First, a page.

I love trees and have always wanted to live in a tree house – with certain amenities like a bathroom, microwave and Internet. I’d be fine with the light of my computer, iPhone and lanterns.
In fact, I’d make a good forest ranger, living in the mountains, keeping fire watch, ever on the alert for pyromaniacs and lightning strikes, big bears and wild cats. This profession especially appealed to me while working in crowded and cutthroat cubicle land.
When I played in trees and tree houses as a kid, watching for fires was the last thing on my 10-year-old mind. Playing with fire was more like it. My girlfriends and I disappeared into the woods after school and climbed up the big oak tree to the shack it held in its branches. The tree and its wooden treasure were on the property belonging to three brothers who went to our school. They were close in age, half French and half English as were many of my friends and neighbors in Montreal. The oldest of the three brothers was a bully, the next was a friendly clown and the youngest, our age, was a heart-breaker.
We were most afraid of the bully, so after we removed the “No Girls” sign covering the miniature door and stepped in, at least one of us kept nervous watch. We only stayed long enough to paw through a pile in the corner and find what we needed – strike a big-bulbed match, light a cigarette, take a few woozy drags, and rifle through magazines hoping to find naked people, having grown bored with National Geographic. We were disappointed. Cars and sports. We were never caught, but a big part of the excitement was anticipating the possibility. Who would chase us around, who would joke, and who would try to kiss us?
One afternoon we heard voices below and looked out to survey. It was our younger sisters! All four of them threatening to tell if we didn’t let them come up. We didn’t.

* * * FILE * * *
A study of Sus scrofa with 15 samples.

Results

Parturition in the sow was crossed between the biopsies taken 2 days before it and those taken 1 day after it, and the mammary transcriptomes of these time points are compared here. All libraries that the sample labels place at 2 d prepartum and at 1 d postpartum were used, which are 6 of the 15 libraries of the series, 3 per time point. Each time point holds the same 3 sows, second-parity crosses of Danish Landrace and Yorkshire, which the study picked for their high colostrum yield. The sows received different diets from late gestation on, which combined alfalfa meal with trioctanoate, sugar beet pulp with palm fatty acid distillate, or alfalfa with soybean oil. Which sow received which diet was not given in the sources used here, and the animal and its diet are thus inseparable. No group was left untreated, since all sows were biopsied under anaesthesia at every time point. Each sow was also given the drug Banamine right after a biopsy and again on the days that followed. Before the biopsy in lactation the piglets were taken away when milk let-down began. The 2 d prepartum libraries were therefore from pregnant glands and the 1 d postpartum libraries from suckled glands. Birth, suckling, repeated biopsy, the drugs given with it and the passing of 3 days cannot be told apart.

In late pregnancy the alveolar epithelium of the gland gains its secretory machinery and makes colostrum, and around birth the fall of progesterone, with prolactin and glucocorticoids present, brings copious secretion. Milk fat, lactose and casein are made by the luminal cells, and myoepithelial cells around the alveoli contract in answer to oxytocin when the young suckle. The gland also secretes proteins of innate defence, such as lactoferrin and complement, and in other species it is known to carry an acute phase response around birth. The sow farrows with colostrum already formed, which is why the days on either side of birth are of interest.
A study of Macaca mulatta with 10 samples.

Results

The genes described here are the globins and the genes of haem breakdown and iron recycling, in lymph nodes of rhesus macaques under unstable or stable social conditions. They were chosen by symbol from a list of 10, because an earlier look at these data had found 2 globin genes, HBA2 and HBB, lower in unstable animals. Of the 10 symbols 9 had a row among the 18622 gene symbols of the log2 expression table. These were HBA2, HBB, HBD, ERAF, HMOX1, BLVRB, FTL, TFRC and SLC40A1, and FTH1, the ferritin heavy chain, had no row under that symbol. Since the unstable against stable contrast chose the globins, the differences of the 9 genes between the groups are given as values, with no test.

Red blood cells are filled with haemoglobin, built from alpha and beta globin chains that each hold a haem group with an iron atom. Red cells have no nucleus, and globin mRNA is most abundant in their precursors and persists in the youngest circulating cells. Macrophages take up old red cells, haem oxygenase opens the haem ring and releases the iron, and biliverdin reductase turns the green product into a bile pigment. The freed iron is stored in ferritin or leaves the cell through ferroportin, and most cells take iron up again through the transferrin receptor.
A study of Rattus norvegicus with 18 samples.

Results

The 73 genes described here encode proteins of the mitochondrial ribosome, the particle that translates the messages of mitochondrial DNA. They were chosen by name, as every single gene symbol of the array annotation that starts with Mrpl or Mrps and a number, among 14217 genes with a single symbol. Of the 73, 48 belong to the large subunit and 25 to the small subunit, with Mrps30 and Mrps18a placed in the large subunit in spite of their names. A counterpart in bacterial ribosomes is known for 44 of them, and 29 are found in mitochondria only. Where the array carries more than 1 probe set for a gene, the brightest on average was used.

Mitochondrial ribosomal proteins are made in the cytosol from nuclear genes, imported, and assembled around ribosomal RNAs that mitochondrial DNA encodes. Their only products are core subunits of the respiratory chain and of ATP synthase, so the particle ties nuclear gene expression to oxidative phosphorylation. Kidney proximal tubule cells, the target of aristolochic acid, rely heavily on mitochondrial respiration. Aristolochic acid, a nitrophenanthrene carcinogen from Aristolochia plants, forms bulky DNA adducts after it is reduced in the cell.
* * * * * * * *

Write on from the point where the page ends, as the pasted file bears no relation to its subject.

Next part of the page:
We always scurried down and left quickly but lingered in our minds, wishing we had our own tree house. I think we asked our fathers and were told it was dangerous or illegal. Funny how they had this mono vision photo in their minds of “women’s place,” aprons, frilly dresses and manners and girls being protected and there we were outside in all our free hours, wandering for miles, finding hobo camps, crawling out over ponds on massive tree branches, hijacking rowboats, outrunning the security guards and police and weirdo who waved his wiener. “Keep them safe” was the motto, but the reality was don’t think of them at all. While we may not have been directed to the soccer field and cheered on, we were left to define ourselves.
We tried more than once to erect our own forts, sticking to ground level, pulling bushes around us, but they were never as, well, uplifting or exciting as elevated hideaways with views. And they were easy to smash down as we’d soon discover. In those days, dogs ran all around the neighborhood and a few East Coast hurricanes traveled up the St. Lawrence lashing their tail ends over Montreal, which is an island in the river.
Today when I see little tree houses in back or front yards, I wonder who plays in them. Boys and girls, sure, but what kind of adventures do they have? Pre-fabricated like the tiny wood houses? Do they bring in their cell phones and computers? Do the parents stake out nearby? Keep careful watch from across the yard? From their tree-level windows?
Keep careful Neighborhood Watch on us all as we walk and drive by? Are they watching me snap these photos of their tree house? Don’t worry, I mean no harm, I’m not a wild dog or howling wind. Just a quiet observer. Listening for the lost voices.